Guest column: Wise reform is needed in government
Published 8:44 pm Friday, October 28, 2022
Guest column by Peggy Bennett
It has been a real honor and joy to be your legislator over the last few years. One of my favorite parts of this job has been to take on the challenges of solving problems.
I was a problem solver when helping struggling students in my classroom, and I’ve now carried that problem solving tenacity to the Legislature. That’s why, when I entered office, I made it my goal to make sure we fixed the huge nursing home funding deficit our state was experiencing. During my first year in office, I was part of a successful legislative effort that made significant reforms in how the state reimburses senior care facilities. Those reforms helped to boost employee pay and keep nursing home doors open.
Speaking of government reform… I want to bring that “if it doesn’t work stop doing it” mentality to all of government. That includes the omnibus bills I’ve mentioned before — those giant bills that poison the ability of legislators to work together on the things they can agree upon.
I have offered omnibus bill reform legislation multiple times in the past and will continue to push on this issue. There is more than one way to solve this problem. I have been collaborating over the interim with fellow like-minded legislators to find new ways to reform this process. I won’t give up until it’s done!
We have some critical issues to tackle in our state right now, with crime, the economy, and education among the top. Current government policy is clearly not working. I want to be a part of constructing the wise reform that’s needed.
Sadly, Minnesota is now one of the top crime states in the nation. This crime problem is starting to bleed out into our beautiful rural communities as well. Area law enforcement tells me that theft is a big problem locally, including a rise in catalytic converter theft. Criminals have now brought fentanyl to our local communities. Tragically, Albert Lea has lost two young people over the last few months to fentanyl overdose deaths.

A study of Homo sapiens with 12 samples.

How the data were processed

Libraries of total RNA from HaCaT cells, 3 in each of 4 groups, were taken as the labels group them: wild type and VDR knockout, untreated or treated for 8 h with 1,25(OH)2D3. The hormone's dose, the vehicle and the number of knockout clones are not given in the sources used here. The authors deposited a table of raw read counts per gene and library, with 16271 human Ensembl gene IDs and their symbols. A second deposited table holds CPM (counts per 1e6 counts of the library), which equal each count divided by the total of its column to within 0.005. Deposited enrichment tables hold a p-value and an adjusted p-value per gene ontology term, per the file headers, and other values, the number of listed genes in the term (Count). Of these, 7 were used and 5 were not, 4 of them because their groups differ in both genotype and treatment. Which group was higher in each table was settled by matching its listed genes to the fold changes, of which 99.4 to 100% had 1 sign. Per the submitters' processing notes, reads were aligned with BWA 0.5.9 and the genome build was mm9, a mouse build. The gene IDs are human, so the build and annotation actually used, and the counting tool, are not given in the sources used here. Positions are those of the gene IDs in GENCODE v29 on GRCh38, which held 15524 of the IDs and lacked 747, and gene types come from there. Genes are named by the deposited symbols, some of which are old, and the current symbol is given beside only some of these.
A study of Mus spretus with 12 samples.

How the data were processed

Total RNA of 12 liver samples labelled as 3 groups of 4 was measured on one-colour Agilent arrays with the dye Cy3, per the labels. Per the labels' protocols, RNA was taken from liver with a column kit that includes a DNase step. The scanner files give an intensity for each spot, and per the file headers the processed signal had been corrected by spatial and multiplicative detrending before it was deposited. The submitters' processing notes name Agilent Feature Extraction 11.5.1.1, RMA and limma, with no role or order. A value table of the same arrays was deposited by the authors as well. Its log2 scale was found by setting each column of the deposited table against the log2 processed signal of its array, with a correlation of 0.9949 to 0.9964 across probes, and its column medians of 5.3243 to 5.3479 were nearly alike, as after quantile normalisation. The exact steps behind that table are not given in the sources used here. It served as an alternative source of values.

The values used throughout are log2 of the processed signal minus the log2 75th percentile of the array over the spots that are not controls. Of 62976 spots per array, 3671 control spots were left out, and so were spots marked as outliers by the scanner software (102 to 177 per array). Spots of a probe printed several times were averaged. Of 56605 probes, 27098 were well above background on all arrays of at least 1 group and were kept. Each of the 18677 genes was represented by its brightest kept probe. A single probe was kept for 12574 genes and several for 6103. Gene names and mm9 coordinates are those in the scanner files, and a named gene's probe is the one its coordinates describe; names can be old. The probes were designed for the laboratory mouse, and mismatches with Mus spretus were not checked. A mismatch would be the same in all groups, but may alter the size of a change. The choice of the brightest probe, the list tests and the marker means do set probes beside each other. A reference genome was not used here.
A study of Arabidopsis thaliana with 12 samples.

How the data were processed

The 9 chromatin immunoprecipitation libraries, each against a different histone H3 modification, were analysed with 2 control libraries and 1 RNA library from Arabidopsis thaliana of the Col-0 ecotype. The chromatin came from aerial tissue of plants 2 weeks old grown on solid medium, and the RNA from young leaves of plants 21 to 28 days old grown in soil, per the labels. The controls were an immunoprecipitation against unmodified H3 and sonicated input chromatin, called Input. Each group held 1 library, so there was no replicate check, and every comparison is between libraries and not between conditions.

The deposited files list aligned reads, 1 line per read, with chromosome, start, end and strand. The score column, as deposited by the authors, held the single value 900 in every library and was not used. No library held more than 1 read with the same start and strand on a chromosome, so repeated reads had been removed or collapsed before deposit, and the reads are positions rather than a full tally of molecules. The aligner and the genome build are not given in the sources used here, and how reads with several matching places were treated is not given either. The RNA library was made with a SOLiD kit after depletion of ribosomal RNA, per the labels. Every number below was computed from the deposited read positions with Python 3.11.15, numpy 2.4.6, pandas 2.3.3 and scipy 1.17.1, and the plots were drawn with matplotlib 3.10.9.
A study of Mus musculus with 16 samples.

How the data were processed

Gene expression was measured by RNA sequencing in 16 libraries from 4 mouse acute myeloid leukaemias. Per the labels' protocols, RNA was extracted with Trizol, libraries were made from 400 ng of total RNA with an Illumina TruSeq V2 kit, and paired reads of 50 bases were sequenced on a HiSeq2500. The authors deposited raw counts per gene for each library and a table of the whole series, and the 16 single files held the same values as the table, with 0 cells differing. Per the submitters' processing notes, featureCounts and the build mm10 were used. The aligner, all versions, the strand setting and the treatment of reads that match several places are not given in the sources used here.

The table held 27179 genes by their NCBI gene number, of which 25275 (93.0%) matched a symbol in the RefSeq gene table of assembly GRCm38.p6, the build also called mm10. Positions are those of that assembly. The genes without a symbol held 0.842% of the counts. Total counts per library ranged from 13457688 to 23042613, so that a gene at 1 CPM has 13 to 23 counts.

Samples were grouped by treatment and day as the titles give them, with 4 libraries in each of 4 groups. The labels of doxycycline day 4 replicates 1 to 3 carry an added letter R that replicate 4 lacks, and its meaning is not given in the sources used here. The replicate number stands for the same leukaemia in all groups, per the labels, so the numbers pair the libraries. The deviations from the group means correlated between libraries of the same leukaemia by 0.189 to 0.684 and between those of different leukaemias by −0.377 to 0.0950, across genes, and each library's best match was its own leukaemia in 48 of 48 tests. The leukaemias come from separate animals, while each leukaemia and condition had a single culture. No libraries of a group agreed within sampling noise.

Supporting law enforcement and our police officers is extremely important to me. It’s key to addressing this lawlessness. This includes properly funded police departments, meaningful law enforcement training, holding criminals accountable for bad behavior and expanding mental health support in communities.
The current high-inflationary economy is destroying family budgets and stretching local businesses to the breaking point. Smart tax relief is necessary so people can keep more money in their pockets — and let’s start with eliminating Minnesota’s tax on Social Security. Next, let’s set a goal for how much we want to lower Minnesota’s income tax brackets and then phase that reduction in over a few years. This will protect our state from the typical wild swings between surplus and deficit.
Education is near and dear to my heart as a former teacher. Minnesota test scores have been on a downward trend for years. It breaks my heart that now only half of our students are proficient in reading and math — and this is significantly worse for students of color.
The fix is about more than just putting more money into education — it’s about smart spending. We can’t just keep throwing money at things that are not working. The system needs reform.
Some of my plans: Return the focus of education to equipping students with the basics like reading, writing, math and basic science and history –– not on pushing controversial political propaganda into classrooms; reduce paperwork and mandates for teachers and schools so teachers have more time to teach; encourage strong partnership bonds between parents and teachers; and innovate and diversify educational opportunity to better meet student and family needs — including more educational alternatives for students and more local control for public schools to innovate and meet student needs.
When I meet with people, we may not always end up agreeing on everything, but it’s important to me that they walk away knowing that I’m willing to listen, I treated them respectfully and that I care — because I do!
I sure would appreciate your vote this election. Thank you!
Rep. Peggy Bennett, R-Albert Lea, is running for the newly formed District 23A seat.